News headlining in the following week suggests that conditions in the city have not improved, but worsened, to the point that seven members of the Flint City Council have voted to “do all things necessary” to return to purchasing water from the Detroit Water and Sewer Department.
Emergency manager, Jerry Ambrose thinks this vote “incomprehensible” and insists that the water the city currently uses from the Flint River is safe by all required standards.
He thinks that the additional cost involved with switching back to Detroit is ridiculous considering that the Detroit water is no safer than Flint’s.
However, Councilman Eric Mays says that Ambrose is wrong in his assumptions about the extra cost. “We must talk to each other,” Mays said. “I’ll try to initiate an understanding.”
M Live reports:
“Flint’s long-term plans involve connection to the Karegnondi Water Authority pipeline that’s under construction — a connection that will bring Lake Huron water to the city again — but not until sometime in 2016.
The city has used the Flint River as its water source since April after decades of purchasing already-treated lake water from Detroit.
Since that switch, residents have increasingly complained about water quality and there have been several boil water advisories in the city because of bacteria concerns.
City water met all health and safety standards in January and February testing, but the city remains in violation of the Safe Drinking Water Act because of overall TTHM levels since the switch from DWSD.
Ambrose has said the cost of water in Flint would likely rise 30 percent or more if the city returned to buying it from the city of Detroit for one year.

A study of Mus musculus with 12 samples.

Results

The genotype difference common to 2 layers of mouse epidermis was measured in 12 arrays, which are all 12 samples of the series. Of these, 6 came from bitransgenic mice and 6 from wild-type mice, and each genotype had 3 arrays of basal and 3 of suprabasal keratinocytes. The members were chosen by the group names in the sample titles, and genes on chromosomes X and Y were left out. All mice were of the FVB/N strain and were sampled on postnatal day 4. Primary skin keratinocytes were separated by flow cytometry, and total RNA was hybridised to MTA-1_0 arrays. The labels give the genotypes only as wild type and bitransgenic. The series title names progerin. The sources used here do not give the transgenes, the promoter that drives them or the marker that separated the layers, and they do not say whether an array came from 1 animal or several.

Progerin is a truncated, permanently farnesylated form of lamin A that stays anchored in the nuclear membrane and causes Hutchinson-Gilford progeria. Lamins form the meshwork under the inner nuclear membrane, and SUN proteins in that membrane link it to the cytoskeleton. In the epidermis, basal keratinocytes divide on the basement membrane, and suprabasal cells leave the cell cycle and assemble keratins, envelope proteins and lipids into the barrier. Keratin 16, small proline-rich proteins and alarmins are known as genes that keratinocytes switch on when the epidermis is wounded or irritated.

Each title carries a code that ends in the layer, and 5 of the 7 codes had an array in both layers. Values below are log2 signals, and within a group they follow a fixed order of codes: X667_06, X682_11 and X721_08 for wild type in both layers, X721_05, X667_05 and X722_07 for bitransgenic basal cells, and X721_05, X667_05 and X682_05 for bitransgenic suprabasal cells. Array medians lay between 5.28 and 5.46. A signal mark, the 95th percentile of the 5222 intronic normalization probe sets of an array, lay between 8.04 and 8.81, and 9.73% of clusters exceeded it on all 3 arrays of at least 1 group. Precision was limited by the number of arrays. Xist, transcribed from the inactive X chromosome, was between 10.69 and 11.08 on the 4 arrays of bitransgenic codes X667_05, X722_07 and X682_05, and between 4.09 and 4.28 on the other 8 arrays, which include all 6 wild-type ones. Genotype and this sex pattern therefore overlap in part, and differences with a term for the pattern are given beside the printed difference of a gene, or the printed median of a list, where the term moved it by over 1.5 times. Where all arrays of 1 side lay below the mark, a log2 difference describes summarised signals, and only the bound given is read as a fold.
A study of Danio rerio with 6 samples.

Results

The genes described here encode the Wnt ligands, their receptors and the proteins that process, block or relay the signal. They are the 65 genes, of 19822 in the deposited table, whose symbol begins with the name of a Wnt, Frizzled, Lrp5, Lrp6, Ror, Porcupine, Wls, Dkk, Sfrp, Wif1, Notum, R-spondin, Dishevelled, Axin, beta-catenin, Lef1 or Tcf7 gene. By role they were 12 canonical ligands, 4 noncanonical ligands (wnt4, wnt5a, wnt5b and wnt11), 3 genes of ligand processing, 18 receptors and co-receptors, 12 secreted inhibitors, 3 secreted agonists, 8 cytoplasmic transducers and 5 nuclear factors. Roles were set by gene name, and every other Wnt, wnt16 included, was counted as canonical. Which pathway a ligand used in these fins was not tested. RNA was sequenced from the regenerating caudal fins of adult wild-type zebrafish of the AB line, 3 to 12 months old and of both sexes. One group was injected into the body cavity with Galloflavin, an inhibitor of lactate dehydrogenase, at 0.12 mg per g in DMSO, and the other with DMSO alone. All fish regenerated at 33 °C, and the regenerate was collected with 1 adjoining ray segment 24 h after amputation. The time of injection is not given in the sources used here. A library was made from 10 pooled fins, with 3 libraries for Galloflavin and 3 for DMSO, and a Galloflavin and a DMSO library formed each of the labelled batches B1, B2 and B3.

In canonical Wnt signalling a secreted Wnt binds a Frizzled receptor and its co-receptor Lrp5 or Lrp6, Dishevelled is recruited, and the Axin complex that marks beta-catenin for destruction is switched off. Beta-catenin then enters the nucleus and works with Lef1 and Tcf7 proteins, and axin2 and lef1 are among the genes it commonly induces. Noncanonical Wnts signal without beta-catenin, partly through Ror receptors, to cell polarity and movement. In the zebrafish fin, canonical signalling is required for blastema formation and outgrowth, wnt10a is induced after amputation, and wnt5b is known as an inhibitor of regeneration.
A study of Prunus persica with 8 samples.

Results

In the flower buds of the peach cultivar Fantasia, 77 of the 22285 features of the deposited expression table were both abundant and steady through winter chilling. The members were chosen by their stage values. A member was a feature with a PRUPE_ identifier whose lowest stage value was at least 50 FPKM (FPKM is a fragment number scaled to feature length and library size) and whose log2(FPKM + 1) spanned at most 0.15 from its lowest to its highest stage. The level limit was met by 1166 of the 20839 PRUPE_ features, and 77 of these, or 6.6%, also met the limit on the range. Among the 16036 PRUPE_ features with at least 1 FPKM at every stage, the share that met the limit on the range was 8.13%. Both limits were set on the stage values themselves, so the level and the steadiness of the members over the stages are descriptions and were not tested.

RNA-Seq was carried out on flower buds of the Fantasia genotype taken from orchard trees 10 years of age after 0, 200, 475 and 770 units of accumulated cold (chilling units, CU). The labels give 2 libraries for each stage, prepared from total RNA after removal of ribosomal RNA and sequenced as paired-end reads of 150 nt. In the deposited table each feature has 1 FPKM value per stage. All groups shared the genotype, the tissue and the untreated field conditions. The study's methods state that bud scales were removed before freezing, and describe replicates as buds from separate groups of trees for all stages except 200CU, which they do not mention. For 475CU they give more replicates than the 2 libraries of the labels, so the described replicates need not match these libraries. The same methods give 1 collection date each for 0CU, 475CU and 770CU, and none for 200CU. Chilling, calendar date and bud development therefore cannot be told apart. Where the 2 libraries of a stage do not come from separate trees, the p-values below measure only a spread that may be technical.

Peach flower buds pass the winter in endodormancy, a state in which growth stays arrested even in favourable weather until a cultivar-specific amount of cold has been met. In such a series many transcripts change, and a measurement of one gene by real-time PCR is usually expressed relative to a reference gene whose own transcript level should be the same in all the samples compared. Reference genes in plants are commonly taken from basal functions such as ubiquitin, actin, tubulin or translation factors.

“If $12 million annually were available for discretionary use, it would be far better spent reducing rates paid by Flint customers and/or modernizing the City’s system,” Ambrose statement today says.”
It seems as though Flint is stuck between a rock and a hard place.
Long term solutions need to be agreed and executed before it’s too late.
From an infrastructure asset management perspective these solutions should include analysis of:
- The required levels of service – both the mandatory Safe Drinking Water Act requirements and residents requirements for water quality
- Future demand for water services in Flint, including analysis of demand management initiatives
- Risks associated with the provision of water service
- Lifecycle management and cost analysis of Flint’s pipes, tanks, pump stations, and treatment facilities
- Financial expenditure and revenue analysis – including analysis of the whole of life cost of different scenarios
The long term management of water services is a significant investment for any community, and as such often generates much community discussion and debate on the best way forward.
Structured infrastructure management planning can assist communities by providing a sound analytical base for these discussions.